Has anyone got any French Cutters as supplied by Kity for use in their spindle moulder, They fitted in a slot in the spindle. would like to purchase or obtain a sample so that I could make some from tool steel
From what I can remember they were just pieces of carbon steel flat stock about 2.5 to 3mm thick, with a small cut-out on the underside, 3 to 5mm deep (for location). It's years since I used a French cutter - the powers that be started to frown on their use in the 1980s, so you may have difficulty geting the pukka item, but a tool steel stock holder or engineering machinist should be able to help and the cut-out can be filed into the steel in its annealed (softened) state, ask for O1 (oil-hardening) or W1 (water hardening) grades. If you do make your own don't try to go too big and use a locknut, French cutters are only motorised scratch stocks, after all!
Cheers for your comments re. French Cutters, would like to have some dimensions of cutters if anyone can help!! I have located a source for appropiate tool steel, just need to obtain detals of the projection of the cutting edge from the spindle. The Kity literature is not clear on this point despite describing the proceedure for making custom cutters
I doubt that anyone will really be specific. There is absolutely no such thing as a standard length - you make them as SHORT as you possibly can because French heads are liable to bend if you push them too hard - when that happens the cutter can be released (or simply snap off) with alarming ferocity (in other words the cutter becomes one or even two pieces of shrapnel) - this is why they've been banned in commercial shops for many years, as even with guarding THEY ARE POTENTIALLY HAZARDOUS TO USE. They also do not meet the requirements of PUWER98 (Provision of Work Equipment Regs) because they have no kickback limitation (in fact they can also pull work - and your fingers -through as well) which is why it is illegal for manufacturers to sell French spindle tops. This is why no one can tell you much about them! I seem to recall that the ones we used to use were generally only about 40 to 60mm long (in a 20mm diameter cutter head) and no more than about 25mm high. Go more than 50mm projection (even on the thickest cutters) and you're asking for trouble. I used to buy the steel (called French head steel - a low carbon steel) in bars about 24in long from Tyzack's in Sheffield (now long gone). I looked at some old receipts this week (pre-Christmas throw-out) and found that the thicknesses we bought were actually 1/4in and 5/16in (6.5 and 8mm) thick, although 3/16in (5mm) was available (only to be used on very small cutters).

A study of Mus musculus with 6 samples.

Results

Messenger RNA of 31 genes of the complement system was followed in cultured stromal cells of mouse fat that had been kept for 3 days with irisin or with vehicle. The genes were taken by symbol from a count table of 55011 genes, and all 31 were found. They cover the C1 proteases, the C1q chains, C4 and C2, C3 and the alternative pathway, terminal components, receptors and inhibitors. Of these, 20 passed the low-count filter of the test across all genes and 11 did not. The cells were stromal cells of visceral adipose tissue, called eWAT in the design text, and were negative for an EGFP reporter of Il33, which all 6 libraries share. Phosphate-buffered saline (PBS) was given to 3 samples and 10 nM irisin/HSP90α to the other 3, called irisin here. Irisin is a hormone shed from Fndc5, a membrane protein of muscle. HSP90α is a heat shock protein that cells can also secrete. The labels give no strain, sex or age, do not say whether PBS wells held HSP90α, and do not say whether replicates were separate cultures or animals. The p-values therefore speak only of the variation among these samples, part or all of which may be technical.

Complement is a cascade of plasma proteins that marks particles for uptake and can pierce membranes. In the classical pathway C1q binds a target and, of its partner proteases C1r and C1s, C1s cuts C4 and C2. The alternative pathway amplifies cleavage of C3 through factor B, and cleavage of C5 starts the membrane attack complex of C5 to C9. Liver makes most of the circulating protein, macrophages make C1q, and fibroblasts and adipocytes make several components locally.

BE EXTREMELY CAREFUL WITH FRENCH CUTTERS. Before making any cut you MUST hog away the majority of the waste from the timber using the table saw or planer. The French cutter is really just a motorised scraper. As such they don't hold an edge for long either - as little as 20ft on some denser timbers, and certainly no more than a couple of hundred feet - and you'd be well advised to burnish the edge each time you use a cutter, it's when they are blunt that they tend to break more easily (they get hot, work harden, become brittle and can snap off). Only ONE edge cuts, the other edge is ALWAYS slightly shorter and is there for balance ONLY. They need to be ground with between 10 and 45 degrees relief angle (horizontal to vertical) at the back to prevent them from burning the work. DO NOT HAND FEED UNLESS YOU HAVE ADEQUATE GUARDING - French cutters can snatch work and pull it through, which includes your fingers. You will therefore need to protect yourself with a decent Shaw guard, not these mickey-mouse springs DIY and Far Eastern machinery makers provide - if you don't know what one is go and look at the HSE web site http://www.hse.gov.uk/pubns/wis18.pdf
In a previous shop (in the early 1980s) we used to do a lot of short run work with French cutters. They are cheap and were relatively easy to make - but even for a trained wood machinist they are twenty times more hazardous to use than limiter cutters. If you don't know how to grind and balance them or you don't have adequate guarding on your spindle DON'T ATTEMPT TO USE THEM. If you do a lot of short run stuff and need to grind your own cutters I'd seriously consider the Armadillo blocks now on the market, they're a lot safer and they are certified for commercial use.
Finally, I'll be a real nanny and quote you something from the HSE site: "Vertical spindle moulding machines account for around 14% of all injuries caused by woodworking machines. These injuries all too frequently include amputations of one or more fingers. Common causes of accident include the failure to use cheap and simple safety devices such as a false fence, pressure pads or work holder." You have been warned!